Wednesday, June 22, 2016

American River

PHOTOGRAPHER’S JOURNAL: Immigrants bought their train tickets on Ellis Island and waited for ferries taking those who were bound West here (Jersey City) or to Hoboken, while those heading East boarded ferries into Manhattan. Twelve agents typically sold 25 tickets per minute throughout the day. This is the train shed in Jersey City. It is directly adjacent to Ellis Island, and for many immigrants this was where they entered the restless flow of the nation.

The shed is in decay. Vegetation grows from the undulating roof, and the space beneath is secured by chain link fence. It was something of a challenge to poke a camera lens in at an appropriate angle. Even in its emptiness, it is bustling. The train shed was completed between 1912 and 1914.

The terminal building, below, was opened in 1889. At its peak in 1929, more than 65,000 people arrived or departed on 350 trains every day. Just beyond the terminal building are the crumbling ferry slips where passengers crossed through New York harbor.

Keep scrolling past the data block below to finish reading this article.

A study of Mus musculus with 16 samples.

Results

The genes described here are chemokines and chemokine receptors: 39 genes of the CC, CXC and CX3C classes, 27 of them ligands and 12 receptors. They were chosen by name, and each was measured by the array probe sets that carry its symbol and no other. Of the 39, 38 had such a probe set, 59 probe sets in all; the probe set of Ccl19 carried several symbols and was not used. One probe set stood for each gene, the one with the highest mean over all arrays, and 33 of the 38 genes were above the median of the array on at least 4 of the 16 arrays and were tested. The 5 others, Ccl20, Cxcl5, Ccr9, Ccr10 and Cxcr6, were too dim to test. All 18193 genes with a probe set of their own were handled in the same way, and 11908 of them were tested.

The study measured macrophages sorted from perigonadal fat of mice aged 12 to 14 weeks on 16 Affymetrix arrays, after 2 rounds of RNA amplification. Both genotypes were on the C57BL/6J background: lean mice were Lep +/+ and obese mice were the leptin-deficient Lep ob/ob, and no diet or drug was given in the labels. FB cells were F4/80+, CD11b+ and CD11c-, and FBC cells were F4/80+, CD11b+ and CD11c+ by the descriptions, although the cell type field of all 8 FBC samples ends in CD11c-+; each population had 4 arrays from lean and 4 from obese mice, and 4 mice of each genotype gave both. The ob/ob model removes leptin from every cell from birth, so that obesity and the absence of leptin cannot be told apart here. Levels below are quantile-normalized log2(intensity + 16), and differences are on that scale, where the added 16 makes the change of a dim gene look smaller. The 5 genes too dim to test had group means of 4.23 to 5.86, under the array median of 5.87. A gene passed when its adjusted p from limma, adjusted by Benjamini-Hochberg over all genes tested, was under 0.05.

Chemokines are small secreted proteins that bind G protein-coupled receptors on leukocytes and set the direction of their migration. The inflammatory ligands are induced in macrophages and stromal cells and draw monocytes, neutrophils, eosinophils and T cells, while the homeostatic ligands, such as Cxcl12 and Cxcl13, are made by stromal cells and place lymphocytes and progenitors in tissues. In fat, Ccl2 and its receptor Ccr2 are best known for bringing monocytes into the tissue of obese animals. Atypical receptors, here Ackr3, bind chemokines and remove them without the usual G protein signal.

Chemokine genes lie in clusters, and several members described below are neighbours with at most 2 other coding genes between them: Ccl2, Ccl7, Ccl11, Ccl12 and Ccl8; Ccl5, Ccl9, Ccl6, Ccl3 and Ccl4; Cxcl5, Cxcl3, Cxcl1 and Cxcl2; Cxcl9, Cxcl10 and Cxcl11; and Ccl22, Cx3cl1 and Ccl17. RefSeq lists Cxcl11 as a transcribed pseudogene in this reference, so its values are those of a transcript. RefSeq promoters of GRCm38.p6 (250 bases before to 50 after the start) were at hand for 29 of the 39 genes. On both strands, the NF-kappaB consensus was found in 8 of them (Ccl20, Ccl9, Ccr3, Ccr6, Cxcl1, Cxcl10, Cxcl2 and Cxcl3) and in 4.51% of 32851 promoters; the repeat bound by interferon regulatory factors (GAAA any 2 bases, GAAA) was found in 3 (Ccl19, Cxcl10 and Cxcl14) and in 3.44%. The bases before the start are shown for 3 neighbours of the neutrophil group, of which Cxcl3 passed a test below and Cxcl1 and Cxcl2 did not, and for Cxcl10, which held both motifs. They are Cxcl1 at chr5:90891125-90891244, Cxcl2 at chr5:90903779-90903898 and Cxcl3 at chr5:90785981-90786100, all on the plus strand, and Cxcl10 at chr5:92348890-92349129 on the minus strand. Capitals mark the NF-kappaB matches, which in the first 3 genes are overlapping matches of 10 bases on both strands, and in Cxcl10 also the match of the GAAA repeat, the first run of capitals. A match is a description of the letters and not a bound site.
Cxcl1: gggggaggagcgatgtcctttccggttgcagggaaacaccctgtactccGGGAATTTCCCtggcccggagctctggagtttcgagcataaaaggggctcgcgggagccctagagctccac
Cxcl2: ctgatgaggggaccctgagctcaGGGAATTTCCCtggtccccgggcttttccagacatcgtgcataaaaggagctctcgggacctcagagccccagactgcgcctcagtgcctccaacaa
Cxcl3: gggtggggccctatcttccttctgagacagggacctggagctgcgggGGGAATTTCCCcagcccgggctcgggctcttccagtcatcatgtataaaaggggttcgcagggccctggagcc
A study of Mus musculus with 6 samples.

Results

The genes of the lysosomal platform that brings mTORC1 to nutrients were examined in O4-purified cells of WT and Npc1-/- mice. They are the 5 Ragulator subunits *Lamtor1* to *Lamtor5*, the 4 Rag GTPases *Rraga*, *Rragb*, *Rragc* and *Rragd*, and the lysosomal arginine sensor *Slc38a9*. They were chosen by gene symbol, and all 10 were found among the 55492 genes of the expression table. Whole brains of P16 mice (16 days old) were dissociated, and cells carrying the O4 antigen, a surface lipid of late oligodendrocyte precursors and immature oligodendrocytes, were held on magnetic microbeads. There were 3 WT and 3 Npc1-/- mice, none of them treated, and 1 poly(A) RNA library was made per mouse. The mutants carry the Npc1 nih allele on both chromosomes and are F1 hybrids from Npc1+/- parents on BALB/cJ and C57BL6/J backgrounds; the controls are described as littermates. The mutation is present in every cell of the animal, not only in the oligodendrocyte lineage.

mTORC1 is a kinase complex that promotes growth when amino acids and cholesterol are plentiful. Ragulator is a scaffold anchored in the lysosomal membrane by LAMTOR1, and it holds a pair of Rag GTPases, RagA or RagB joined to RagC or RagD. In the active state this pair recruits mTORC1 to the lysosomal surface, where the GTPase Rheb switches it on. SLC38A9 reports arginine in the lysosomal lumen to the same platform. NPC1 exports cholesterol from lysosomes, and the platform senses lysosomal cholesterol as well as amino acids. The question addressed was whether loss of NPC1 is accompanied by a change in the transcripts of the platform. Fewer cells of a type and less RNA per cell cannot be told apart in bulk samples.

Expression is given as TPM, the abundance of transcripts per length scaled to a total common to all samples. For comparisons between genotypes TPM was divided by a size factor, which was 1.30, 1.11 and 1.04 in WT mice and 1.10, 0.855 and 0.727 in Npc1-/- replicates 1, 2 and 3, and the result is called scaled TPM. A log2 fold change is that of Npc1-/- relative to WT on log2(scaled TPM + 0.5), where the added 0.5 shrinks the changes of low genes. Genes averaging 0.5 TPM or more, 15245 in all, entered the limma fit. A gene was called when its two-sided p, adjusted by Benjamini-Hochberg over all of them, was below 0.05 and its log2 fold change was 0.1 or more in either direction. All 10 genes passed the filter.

Ginnie said...

There is suddenly a deep sadness in me, Ted, in realizing how very much of America itself, let alone its infrastructure, is in decay. That in and of itself is a book that seems to be developing from your archives?

Emery Roth II said...

The good news in this case is that the decay has been memorialized as part of Liberty Park adjacent to Ellis Island. Jersey City is quickly becoming an extension of lower Manhattan. That means that much of the old architecture is gone, and the new towers felt stark and empty when I was there on Saturday before the Sunday shoot. It undoubtedly influenced the pictures I made. However, I met and had lunch with old school friends, and met good people on the shoot.